The Tour de France's first foray into its home country, following three days in Belgium, lived up to its billing as a potential make or break stage for the yellow jersey contenders. Iban Mayo of the Euskaltel team was the most prominent casualty on Tuesday's 210 km stage from Waterloo in Belgium - the scene of Emperor Napoleon's 1815 defeat to the English - to a small town on the French border. The 26-year-old Basque climber, who relegated five-time Tour winner Lance Armstrong to a two-minute deficit on a recent time trial up the Mont Ventoux, lost almost four minutes to the American


The Tour de France’s first foray into its home country, following three days in Belgium, lived up to its billing as a potential make or break stage for the yellow jersey contenders.

Iban Mayo of the Euskaltel team was the most prominent casualty on Tuesday’s 210 km stage from Waterloo in Belgium – the scene of Emperor Napoleon’s 1815 defeat to the English – to a small town on the French border.

The 26-year-old Basque climber, who relegated five-time Tour winner Lance Armstrong to a two-minute deficit on a recent time trial up the Mont Ventoux, lost almost four minutes to the American following a crash just before the first of two dangerous cobblestone sections.

Mayo came down just before the 2.8km long section at Erre alongside Australian Michael Rogers of the Quick Step team and Italian duo Paolo Bettini and Marco Velo.

Velo was the worst off by a long way, the 30-year-old Alessio rider ending up in a ditch with a bloodied shoulder and a fractured collarbone, which ended his Tour prematurely.

Bike riders, not gladiators
The expectations of big name casualties on or near the Tour’s cobblestone sections has been alive all year. And German Jens Voigt, of the CSC team, warned even before the stage that it could do untold damage to a big name rider.

“The cobblestone sections shouldn’t be on the Tour because we’re bike riders, we should ride on the road and not be gladiators,” he told AFP. “It’s pure luck, you can’t even predict it. If someone loses it in front of you, you run over him and you crash. “What if one of the big Tour contenders crashes and he’s lying on the ground bleeding and crying. The Tour’s over for him, but that’s not the image we want to see from the Tour.”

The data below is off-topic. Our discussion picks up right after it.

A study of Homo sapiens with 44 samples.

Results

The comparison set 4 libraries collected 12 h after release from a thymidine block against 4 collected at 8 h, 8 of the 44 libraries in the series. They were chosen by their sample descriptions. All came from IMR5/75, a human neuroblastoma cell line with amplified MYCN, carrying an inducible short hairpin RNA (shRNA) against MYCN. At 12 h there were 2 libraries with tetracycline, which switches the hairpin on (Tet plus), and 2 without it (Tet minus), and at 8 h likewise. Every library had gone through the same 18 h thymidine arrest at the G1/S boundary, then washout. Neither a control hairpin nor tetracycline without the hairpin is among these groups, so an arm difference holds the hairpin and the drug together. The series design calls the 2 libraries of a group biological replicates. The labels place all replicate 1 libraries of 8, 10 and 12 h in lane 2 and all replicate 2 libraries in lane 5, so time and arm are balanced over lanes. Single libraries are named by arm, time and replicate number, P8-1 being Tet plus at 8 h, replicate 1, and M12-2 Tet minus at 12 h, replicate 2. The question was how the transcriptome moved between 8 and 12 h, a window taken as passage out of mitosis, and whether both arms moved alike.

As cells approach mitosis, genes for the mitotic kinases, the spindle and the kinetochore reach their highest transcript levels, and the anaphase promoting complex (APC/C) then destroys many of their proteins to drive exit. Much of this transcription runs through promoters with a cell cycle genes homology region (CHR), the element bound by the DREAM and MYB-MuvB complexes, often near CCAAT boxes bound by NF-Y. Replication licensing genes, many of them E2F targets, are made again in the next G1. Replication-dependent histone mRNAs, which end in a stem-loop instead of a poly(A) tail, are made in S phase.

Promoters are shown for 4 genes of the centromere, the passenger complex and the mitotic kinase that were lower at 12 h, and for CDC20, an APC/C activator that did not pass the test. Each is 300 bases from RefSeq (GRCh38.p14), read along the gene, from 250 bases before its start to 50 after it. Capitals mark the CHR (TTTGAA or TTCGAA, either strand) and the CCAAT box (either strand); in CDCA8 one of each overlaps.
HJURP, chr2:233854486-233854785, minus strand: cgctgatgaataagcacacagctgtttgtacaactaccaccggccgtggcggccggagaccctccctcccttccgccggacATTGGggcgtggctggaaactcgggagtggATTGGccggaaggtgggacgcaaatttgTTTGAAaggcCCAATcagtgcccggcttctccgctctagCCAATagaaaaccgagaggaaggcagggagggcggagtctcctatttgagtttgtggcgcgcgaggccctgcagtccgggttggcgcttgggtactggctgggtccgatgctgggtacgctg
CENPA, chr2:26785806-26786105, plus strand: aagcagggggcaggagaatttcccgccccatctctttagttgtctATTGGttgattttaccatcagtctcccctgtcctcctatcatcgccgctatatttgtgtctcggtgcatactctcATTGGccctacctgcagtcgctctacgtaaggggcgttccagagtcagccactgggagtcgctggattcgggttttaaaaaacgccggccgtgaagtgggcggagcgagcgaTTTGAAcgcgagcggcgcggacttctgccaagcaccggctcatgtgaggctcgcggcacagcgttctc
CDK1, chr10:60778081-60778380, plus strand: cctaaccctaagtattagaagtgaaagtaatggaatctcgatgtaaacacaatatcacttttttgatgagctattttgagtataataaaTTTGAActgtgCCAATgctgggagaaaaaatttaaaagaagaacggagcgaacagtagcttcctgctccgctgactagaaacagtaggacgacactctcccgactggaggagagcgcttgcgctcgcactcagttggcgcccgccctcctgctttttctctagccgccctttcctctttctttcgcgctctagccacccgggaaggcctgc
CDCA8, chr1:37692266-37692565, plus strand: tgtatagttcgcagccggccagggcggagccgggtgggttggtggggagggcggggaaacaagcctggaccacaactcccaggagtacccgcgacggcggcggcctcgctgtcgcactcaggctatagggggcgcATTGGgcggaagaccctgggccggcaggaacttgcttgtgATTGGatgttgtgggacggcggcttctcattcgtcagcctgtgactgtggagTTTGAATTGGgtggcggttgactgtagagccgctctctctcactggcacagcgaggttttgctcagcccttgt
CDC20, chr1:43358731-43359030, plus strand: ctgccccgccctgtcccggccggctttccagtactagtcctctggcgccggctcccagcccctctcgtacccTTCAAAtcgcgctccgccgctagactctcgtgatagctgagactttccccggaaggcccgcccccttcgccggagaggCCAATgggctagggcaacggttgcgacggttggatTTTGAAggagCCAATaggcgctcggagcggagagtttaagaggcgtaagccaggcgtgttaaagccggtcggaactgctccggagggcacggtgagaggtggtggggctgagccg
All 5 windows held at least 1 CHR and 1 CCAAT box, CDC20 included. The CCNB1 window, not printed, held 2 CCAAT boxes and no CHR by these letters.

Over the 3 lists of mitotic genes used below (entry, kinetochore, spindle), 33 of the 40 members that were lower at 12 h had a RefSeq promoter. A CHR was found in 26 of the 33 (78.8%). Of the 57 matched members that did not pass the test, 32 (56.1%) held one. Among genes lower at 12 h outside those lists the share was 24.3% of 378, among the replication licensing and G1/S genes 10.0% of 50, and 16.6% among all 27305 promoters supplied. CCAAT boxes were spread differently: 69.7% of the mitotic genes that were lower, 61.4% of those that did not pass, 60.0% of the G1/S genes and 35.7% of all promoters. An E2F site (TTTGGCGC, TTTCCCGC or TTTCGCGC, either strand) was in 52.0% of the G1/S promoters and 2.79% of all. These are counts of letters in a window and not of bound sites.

Tour debutant Bernard Eisel of Fdjeux.com agreed.

“For the Tour it’s not necessary. It’s hard enough. All the big hitters want to do the best they can and they end up losing two or three minutes. It’s not stupid, but it’s not really necessary. The race is dangerous enough, and there are enough crashes already.”

Voigt’s pre-race predictions came true, with Mayo losing precious time to his rival Armstrong and Germany’s 1997 winner Jan Ullrich even before the crucial mountains stages where the most damage is usually done.

Perhaps that was why Voigt went on a long breakaway alongside Dutchman Bramd De Groot, of the Rabobank team, in a bid to do a solo ride over the cobblestones where the inexperienced riders, and those more used to climbing in the mountains, like Mayo, can get nervous.

Mayo, who said he was an innocent victim in the crash, has now seen his yellow jersey hopes fade dramatically.

“When the crash happened I was in a good position but it got hit by someone’s handlebar. I couldn’t avoid it,” he said after the race. “It’s such a small mistake but it has ended my chances of challenging for the race. Even a place on the podium is practically out of the question. I’ve lost too much time to my main rivals.”

The question on whether to include the cobblestones will likely be a heated debate in the Basque country. Tour officials, however, defended their choice, telling AFP: “We wanted to pay some tribute to some of the great one day classics, such as the Paris-Roubaix. We believe it was a good decision, and we made sure to include only two sections today. They certainly weren’t the hardest sections, and cars and bikes employ these roads every day.”